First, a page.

Prince George of Cambridge (the 19th Century Prince)


 

Princess Alice


 

Lady Alexandra Duff (later Princess Alexandra of Fife)


Princess Mary (later The Princess Royal)

 


When her father George V became king in 1910 Princess Mary was the sixth in line to the throne, after her five brothers–the future kings Edward VIII, George VI, and Princes Henry, George and John. She was a nurse during World War I before marrying the Earl of Harewood. You can read more about them here in my post,  Cross-Generational Romance in the Royal Family. When Mary died in 1965 she was 17th in line.

 

The Earl of Harewood


In the 1920’s Princess Mary’s elder son, King George V’s eldest grandchild, George Lascelles, later Earl of Harewood, was sixth in line to the throne. By the time he died, aged 88, he was around #40–not far above the Norwegian Royal Family.

 

Prince George, Duke of Kent


Prince Edward of Kent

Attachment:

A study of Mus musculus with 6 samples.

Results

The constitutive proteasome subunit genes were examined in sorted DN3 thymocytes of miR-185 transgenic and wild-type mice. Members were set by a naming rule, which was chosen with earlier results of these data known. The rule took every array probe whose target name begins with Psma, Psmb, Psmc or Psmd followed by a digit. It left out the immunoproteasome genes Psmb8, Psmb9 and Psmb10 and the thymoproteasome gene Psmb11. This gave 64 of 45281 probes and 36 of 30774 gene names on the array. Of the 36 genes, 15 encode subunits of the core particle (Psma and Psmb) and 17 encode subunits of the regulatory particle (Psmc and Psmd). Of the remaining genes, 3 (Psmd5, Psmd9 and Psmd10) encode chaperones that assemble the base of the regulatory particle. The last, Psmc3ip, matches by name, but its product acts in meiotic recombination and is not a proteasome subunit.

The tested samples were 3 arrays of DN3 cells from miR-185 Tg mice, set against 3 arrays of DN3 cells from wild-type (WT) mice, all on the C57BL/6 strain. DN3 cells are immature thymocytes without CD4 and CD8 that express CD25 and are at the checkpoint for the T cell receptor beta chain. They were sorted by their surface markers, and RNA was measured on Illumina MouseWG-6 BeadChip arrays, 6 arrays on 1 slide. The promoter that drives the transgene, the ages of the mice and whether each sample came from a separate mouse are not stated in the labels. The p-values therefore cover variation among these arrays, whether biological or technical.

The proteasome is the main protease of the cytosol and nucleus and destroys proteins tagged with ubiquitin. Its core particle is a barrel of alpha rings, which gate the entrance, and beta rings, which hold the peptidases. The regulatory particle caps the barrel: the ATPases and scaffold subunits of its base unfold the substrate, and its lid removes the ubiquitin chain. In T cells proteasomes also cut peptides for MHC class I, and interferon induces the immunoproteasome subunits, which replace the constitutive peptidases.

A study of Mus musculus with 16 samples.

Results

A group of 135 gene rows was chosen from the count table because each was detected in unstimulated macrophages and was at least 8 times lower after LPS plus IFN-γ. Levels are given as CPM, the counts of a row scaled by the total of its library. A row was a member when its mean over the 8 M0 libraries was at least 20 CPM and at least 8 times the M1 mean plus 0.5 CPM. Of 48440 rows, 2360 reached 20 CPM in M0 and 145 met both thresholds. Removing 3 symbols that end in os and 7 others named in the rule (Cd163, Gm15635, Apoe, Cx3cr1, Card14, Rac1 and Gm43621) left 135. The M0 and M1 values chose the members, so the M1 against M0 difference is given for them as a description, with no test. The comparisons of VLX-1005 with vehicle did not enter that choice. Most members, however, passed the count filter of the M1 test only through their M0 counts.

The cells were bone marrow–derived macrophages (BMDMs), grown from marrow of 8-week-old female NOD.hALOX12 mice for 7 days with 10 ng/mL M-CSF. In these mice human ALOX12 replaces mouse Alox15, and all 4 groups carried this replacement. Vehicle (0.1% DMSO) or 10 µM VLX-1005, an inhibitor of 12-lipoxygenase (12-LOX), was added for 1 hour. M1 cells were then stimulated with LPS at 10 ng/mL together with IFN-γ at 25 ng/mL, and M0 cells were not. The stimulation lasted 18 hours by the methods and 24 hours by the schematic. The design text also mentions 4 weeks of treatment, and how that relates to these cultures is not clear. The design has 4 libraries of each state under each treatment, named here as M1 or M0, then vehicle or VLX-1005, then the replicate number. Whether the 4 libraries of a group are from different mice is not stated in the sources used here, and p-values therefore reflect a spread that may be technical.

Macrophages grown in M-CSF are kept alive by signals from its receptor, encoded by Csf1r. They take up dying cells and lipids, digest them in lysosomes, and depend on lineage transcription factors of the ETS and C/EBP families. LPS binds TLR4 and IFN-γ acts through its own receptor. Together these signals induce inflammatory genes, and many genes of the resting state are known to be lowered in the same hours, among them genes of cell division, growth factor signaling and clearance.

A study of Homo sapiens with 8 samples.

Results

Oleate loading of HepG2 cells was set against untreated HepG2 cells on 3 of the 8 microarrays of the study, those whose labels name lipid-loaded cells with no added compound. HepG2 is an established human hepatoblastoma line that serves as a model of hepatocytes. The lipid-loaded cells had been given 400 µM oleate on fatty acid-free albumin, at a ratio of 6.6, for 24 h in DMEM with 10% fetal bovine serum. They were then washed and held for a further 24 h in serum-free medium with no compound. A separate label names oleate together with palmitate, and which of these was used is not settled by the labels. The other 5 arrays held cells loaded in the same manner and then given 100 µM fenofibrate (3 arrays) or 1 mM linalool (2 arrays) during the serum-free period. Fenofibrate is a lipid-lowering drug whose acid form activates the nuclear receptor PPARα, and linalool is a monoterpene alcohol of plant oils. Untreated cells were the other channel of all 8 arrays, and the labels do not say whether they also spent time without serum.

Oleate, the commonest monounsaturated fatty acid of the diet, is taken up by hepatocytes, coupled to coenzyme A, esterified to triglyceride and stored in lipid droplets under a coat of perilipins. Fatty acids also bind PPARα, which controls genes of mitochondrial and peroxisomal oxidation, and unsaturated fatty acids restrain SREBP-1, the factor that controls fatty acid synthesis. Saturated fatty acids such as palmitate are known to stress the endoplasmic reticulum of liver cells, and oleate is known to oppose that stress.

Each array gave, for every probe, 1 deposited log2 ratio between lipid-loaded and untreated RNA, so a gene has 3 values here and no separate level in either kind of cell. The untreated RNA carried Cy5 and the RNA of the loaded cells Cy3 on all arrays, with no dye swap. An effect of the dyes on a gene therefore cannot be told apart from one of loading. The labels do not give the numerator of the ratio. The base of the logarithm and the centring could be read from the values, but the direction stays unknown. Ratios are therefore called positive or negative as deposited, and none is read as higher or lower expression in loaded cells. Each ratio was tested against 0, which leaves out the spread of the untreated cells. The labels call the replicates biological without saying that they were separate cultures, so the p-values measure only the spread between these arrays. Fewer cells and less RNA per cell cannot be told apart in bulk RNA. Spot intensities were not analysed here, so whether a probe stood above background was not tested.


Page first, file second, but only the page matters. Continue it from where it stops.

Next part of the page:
Prince William of Gloucester


Prince Richard of Gloucester


Better known today as the Duke of Gloucester, Prince Richard was in the 6th position when his Uncle, King George VI, died and his first cousin, Elizabeth became Queen. Today he is 27th in line after the grandchildren of the late Princess Margaret.

Princess Margaret


 

Princess Eugenie of York

 


 

Prince Henry (Harry) of Wales, Duke of Sussex


One thought on “Sixth in line to the British Throne

  1. Interesting, and the photos are fun too. Really interesting that there was an earlier George of Cambridge, and his similarities to today’s … ummm … situation with uncle Harry. Fascinating to think how one’s “number” in regards to succession changes throughout their life with different changes elsewhere in the family.